There is a vast variety of welding electrodes, each differing depending on the task it is meant for and how it affects the welding process. Electrodes are made to deal with a specific kind and range of electrical current and come with different coatings and in different sizes depending on the welder's requirements.
Electrodes produce the current needed for arc welding to take place. They are generally in the shape of long rods or stable wires, with a contact point at the tip of the rod that is used to channel a powerful electrical current into the metal. When the tip of the electrode nears the metal, the current jumps into the metal, creating the dazzling arc from which arc welding receives its name. This is turn creates the heat that melts the metal.
Electrodes are rated according to a system designed by the American Welding Society, using a letter, such E, followed by series of four or five numbers. Often, the diameter of the electrode is also expressed in inches before the identification, so the entire code looks like 1/16-inch E6010. This electrode has a diameter of 1/16th inch (the smallest electrodes are rated) and is used for arc welding (shown by the "E"). The number system shows what the tensile strength of the electrode is by the first two numbers, while the latter numbers show what type of coating the electrode has and what currents it can be used with. Sometimes other letters or numbers are added to show specific information.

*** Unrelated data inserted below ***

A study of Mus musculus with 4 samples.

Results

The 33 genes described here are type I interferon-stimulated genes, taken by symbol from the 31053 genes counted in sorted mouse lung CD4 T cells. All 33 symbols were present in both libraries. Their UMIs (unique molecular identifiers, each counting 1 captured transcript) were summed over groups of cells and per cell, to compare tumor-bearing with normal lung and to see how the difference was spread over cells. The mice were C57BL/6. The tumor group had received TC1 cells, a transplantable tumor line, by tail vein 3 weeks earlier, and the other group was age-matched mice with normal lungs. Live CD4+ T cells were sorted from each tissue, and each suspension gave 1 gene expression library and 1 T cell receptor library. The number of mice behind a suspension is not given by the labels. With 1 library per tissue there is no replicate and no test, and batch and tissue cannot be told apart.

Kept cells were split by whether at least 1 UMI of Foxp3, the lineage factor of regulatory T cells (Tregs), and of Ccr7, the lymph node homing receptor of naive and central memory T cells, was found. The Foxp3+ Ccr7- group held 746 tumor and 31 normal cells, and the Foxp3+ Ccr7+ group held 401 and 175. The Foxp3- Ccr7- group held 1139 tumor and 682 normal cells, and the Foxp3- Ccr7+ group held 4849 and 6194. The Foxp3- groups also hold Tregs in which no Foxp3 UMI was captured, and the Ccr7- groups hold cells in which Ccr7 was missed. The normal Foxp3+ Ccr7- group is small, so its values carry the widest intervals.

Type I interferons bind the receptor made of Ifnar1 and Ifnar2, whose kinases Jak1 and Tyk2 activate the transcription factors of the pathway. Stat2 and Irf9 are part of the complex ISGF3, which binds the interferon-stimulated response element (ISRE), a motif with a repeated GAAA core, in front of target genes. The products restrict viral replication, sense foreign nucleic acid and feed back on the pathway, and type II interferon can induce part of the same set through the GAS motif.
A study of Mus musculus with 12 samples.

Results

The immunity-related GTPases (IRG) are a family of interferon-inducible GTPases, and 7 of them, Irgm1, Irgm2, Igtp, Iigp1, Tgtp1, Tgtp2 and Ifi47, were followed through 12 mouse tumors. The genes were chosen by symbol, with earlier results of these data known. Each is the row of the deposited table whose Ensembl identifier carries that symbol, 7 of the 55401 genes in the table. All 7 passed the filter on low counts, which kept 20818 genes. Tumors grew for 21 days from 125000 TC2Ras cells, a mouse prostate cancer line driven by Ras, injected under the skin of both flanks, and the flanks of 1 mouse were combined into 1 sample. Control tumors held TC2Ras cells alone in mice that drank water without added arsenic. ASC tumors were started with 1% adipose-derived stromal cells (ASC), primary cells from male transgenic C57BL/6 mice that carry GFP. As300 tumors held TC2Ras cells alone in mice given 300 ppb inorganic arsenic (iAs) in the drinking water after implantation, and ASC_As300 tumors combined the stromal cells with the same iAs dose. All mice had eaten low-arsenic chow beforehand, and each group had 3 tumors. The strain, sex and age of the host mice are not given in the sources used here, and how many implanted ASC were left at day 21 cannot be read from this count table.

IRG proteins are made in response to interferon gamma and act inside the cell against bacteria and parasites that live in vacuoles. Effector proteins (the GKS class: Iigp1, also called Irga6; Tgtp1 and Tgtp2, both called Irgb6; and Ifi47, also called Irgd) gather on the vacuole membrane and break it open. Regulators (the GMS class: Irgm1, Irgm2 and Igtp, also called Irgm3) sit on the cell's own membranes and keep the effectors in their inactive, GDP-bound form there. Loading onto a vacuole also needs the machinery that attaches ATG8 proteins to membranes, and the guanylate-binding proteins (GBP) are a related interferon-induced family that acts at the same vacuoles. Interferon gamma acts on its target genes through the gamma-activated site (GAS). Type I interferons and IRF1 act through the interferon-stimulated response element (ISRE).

Consumable electrodes slowly burn away as they are used, and need to be replaced at regular intervals. These electrodes are purchased in bulk and are much less expensive than the permanent versions. They are generally considered to be easier to use, but do not have many commercial uses. While a gas may be used in addition to the electrode to help shield the weld, it is not always necessary with consumable electrodes because of the gases their burning produces.
Consumable electrodes are coated with chemicals known as flux. Most flux coatings are designed to create a smoother, protected weld. As the flux burns it produces a small cloud of gas, shielding the weld from oxygen and other contaminants that can ruin its cooling process. The metal of the consumable electrode is also burnt and added to the weld to help with stability. There are many different kinds of flux coatings with slightly different effects to choose between.
Nonconsumable electrodes to not burn away as they channel the electric current and last much longer. Nonconsumable electrodes, such as tungsten rods, are considered more difficult to use than consumable versions, and must be used with a shielding gas. This gas can be one of several compounds and is spread out at the site of the weld to perform the same protection tasks that the flux does in consumable models. Nonconsumable electrodes can be used with a wider variety of metals, especially the heavier metals.